Friday, November 30, 2012

WPP Part D Findings and Implications

In an earlier blog titled WPP Part A, I mentioned that this project would continue on for sometime, but as a check point (and for an MAET deadline) I had the students take complete a survey today. I gave the same group of student a survey two plus weeks ago, that survey was about researching skills, habits, and tools that they used. Unlike that survey, this one was only about using Twitter as a research tool.

This was a good time to collect information. So far, the implementation has gone as planned with no major errors, but feedback will help me move forward with this project. From an observation students seem to be embracing it. As a rule, student do not moan and groan when asked to go to Twitter, in fact many seem excited. Of course there is one or two that will say "I hate Twitter", but then they join the rest of their classmates.

I have been surprised at the speed that some of the students have grasped the concept of using the "thick"tweets and in determining the quality of their experts (listen to their words on the podcast of WPP Part C). At the same time there are many who are still becoming comfortable with asking questions of an expert. And many are shocked when an expert does not respond to a question or request of a student. This makes me wonder if providing some more formal workshops on Twitter before we started may have been useful. Either way, I have shared some data below that I believe indicates that implementing Twitter as a research tool has been a success so far.

The snapshot below shows the number of students who have completed this survey. Of that number 51 have made the leap to trying Twitter as a research tool. The bottom graph indicates that of the fifty one students, forty one of them have used it on four different occasions. And twenty one of them have used it 8 or more times.

This next graph indicates how the students found Twitter to be useful or not in their research. It is important to point out that twenty of the twenty eight responses that found "nothing was useful" are probably the twenty who have not used Twitter as a research tool. I believe the other results indicate that Twitter can be used as a research tool. If I were to do this survey again I would like to ask the same question about Google or any other search engine. I don't believe the students could give search engines the same marks as they did Twitter. Especially for  interesting (tweets) "comments" made by others in the field of study. Nor do I believe students can formulate a relationship that allows them to ask questions and get feedback. In fact, I think students will usually find websites rather then current articles or actual people when they use a search engine.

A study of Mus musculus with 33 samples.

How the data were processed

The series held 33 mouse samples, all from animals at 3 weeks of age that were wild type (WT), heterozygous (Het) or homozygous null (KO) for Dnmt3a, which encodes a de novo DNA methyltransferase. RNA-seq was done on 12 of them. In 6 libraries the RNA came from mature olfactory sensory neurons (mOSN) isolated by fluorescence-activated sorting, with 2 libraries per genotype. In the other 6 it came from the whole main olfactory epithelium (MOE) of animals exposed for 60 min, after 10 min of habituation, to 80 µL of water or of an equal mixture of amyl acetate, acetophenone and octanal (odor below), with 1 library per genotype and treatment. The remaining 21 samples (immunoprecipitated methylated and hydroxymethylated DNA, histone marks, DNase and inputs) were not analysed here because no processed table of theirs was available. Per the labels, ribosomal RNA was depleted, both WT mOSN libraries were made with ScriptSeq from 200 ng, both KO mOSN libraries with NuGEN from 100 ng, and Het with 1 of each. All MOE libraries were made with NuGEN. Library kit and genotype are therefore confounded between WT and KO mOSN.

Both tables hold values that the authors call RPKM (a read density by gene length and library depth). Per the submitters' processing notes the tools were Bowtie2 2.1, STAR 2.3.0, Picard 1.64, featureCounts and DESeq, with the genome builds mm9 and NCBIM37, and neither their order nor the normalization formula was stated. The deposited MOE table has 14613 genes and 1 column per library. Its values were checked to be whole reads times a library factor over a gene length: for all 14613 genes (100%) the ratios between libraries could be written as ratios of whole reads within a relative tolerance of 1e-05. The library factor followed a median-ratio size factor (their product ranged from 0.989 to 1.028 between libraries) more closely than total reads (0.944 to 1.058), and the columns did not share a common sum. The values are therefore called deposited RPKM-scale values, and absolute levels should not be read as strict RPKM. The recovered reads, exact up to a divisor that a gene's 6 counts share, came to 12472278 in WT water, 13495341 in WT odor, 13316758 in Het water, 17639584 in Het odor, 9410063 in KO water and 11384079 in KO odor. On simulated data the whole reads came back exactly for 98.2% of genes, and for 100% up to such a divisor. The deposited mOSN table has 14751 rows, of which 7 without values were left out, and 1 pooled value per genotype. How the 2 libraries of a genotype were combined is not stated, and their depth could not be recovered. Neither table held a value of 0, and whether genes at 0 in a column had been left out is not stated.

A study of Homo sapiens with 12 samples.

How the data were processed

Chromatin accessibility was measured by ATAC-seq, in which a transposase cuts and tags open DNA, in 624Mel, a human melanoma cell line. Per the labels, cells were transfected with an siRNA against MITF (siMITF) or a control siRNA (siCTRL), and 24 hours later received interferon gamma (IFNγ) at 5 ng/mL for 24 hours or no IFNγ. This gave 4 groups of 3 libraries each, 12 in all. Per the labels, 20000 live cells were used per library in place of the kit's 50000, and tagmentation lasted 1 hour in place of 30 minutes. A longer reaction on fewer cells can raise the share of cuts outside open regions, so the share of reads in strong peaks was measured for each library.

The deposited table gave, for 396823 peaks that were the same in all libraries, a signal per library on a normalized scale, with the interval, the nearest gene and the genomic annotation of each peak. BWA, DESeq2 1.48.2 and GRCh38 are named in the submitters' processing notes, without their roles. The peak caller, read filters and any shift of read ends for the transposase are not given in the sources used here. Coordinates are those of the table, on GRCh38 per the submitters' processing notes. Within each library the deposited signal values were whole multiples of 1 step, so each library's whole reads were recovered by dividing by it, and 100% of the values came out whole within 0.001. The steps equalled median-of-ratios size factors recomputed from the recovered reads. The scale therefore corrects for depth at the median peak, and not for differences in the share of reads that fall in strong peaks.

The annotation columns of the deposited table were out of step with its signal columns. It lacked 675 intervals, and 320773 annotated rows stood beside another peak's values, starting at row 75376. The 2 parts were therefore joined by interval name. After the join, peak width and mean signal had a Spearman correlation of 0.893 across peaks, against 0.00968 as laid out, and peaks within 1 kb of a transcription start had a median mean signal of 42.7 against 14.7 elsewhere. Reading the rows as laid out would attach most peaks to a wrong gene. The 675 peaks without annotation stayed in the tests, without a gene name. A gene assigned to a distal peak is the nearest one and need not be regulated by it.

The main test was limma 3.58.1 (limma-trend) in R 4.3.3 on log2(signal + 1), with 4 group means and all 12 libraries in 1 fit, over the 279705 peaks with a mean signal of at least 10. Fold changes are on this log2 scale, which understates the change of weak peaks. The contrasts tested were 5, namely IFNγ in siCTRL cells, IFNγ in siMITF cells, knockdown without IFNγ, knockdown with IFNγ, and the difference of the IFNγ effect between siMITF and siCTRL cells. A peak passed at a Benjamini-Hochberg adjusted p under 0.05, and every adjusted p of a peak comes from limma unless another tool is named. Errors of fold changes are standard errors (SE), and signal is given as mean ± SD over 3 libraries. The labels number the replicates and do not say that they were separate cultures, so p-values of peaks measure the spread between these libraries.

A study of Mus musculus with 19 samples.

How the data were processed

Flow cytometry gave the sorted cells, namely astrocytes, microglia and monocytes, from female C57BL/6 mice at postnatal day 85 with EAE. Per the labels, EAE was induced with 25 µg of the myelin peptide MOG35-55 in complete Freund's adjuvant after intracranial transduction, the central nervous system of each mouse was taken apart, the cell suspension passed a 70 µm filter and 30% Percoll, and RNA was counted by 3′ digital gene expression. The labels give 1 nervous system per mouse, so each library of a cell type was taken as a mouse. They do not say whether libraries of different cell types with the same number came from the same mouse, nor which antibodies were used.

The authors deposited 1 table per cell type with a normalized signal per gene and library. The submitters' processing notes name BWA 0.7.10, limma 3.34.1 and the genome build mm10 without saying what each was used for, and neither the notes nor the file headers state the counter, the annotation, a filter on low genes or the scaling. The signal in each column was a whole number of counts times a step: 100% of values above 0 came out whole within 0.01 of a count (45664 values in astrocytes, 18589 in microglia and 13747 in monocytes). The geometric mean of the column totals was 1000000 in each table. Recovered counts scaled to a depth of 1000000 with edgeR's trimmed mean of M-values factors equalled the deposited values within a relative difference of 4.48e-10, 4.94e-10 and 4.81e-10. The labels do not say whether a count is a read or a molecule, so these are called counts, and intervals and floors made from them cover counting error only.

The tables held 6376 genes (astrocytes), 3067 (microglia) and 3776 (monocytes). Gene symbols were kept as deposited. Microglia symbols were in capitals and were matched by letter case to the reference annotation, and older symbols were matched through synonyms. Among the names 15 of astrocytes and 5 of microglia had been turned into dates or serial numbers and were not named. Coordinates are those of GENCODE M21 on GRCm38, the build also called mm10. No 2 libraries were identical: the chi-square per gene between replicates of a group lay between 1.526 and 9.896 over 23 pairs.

The data below indicates that the students like Twitter as a research, perhaps not all of the time, but they are beginning to recognize it uses. In fact when the data is narrowed to students who have used Twitter 10 times or more, then the likelihood of Twitter being a useful tool increases. As does the number of students who have had two way conversation with an expert. I think this is a sign of growth and becoming comfortable.

I plan to continue to use Twitter as a research tool in class. To enhance it I plan to provide several short work shops that will help students identify who to follow and who not to follow, locating article links, and building professional relationships. While creating these workshops I plan to use the ISTE NETS for students and teachers as a guide. In addition to the NETS I am hoping to get suggestions from individuals such as Dr. Martin Eve (@martin_eve), who has presented on the idea of using Twitter as a research tool.

If you want to implement Twitter as a tool, here are my suggestions to get started:

  1. Model use of Twitter in class.
  2. Have students load Tweetdeck or Twitterific onto their devices. I personally like Tweetdeck for my laptop but Twitterific for all my mobile devices.
  3. Get students using Twitter to share, have them use @ and #.
  4. Have them search a topic by placing a # in front of the topic.
  5. After becoming comfortable with searching, have students begin to identify individual as experts; number of followers, biography, websites, and number of tweets.
  6. Provide regular time several times per week, it only takes 3-5 minutes to do a Tweet Start or a Tweet Ender, student will begin to spend more of their own time once they realize the power of the tool.
  7. Encourage the building of networks and or pln's.
  8. Use storify or an to capture whole class use and to encourage continued use.
  9. Share your class' experience with me @marcschulzkih and @kihscience.